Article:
Cyprus-Russia Investment to Grow Despite EU Sanctions



“Now, that we have entered the times of sanctions, Cyprus, being a full EU member, is still oriented on the improvement of relations with Russia, therefore I think the investment volume will be increasing,” he said.

According to Spiridonov, investments from Cyprus to Russia in 2013 amounted to $22,7 billion, whereas investment from the Russian to the Cyprus economy was $19 billion, “5 of which are direct investments.”


Spiridonov provided an example of one investment project in Russia involving Cyprus and Spanish companies.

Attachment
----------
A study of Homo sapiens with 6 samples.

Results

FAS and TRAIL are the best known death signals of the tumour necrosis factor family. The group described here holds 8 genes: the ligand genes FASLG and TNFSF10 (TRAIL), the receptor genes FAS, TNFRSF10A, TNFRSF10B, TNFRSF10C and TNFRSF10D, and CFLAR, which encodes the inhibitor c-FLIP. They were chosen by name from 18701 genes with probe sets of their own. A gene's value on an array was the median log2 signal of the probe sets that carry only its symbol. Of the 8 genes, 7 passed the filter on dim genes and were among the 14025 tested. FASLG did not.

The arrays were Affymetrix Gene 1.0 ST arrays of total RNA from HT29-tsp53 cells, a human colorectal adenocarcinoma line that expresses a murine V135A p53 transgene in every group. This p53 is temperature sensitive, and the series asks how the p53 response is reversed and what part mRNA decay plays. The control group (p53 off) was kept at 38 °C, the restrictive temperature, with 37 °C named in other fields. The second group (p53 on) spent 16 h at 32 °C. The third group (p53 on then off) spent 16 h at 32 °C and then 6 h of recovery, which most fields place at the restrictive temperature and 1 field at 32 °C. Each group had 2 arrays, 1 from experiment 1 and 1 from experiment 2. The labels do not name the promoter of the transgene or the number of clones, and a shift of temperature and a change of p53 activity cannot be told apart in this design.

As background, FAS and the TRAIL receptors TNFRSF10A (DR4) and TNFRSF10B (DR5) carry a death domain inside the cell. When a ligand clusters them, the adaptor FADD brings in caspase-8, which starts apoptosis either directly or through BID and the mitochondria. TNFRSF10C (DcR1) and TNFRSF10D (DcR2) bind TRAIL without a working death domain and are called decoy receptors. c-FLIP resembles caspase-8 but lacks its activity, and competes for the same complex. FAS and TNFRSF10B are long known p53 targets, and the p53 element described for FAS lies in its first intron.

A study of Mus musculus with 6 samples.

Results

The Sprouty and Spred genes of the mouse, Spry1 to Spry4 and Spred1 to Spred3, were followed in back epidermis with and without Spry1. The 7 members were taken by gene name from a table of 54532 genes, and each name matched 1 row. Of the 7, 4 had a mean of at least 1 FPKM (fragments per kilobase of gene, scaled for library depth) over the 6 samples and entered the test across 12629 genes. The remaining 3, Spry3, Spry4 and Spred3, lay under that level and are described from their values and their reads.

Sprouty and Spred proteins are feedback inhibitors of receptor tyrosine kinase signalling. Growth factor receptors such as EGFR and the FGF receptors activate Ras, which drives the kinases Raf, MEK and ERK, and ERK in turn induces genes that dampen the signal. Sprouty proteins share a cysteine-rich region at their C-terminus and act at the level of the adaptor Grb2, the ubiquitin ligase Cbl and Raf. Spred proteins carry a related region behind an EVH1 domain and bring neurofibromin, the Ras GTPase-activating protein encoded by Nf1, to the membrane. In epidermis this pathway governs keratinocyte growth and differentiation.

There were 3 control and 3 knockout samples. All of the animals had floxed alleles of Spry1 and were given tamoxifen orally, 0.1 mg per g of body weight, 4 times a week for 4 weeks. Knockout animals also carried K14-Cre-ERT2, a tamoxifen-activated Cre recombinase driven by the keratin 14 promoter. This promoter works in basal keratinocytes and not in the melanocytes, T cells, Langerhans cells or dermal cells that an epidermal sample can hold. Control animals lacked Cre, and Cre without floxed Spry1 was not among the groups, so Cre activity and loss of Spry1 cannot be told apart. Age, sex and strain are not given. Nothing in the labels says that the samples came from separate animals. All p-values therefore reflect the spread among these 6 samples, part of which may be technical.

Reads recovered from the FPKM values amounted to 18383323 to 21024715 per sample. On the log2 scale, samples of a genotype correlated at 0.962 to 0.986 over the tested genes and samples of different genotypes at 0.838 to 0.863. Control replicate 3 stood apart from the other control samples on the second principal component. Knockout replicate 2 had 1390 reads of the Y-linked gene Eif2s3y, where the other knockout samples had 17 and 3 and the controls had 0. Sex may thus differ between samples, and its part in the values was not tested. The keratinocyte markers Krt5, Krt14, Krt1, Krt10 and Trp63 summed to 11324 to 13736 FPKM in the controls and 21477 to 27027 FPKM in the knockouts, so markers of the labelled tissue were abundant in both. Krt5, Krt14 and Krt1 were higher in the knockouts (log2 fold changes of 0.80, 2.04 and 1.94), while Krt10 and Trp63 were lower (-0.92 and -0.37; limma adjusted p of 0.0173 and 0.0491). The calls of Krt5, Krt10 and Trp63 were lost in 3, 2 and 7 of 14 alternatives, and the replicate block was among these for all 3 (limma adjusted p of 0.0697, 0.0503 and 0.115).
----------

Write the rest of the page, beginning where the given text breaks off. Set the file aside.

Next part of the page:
“One of our recent investments is in the food retail cluster which we will be created in St. Petersburg together with the Spanish Mercasa,” he stated. The main player in the project, according to Spiridonov, is a Cyprus company which plan to invest about $100 million into this project.

Spiridonov stressed the importance of economic ties between Russia and Cyprus. 


He stressed that investment interest in 2014 did not diminish, “even despite the troika ‘haircuts’ introduced in 2013.”

In March 2013 Cyprus agreed to overhaul its banking sector and introduce austerity measures for bondholders and savings account holders with balances over 100,000 euros (some $111,600) in the country’s two biggest banks.

These measures were in trade for a 10-billion-euro bailout from the troika of international creditors, specifically the European Union, the European Central Bank and the International Monetary Fund.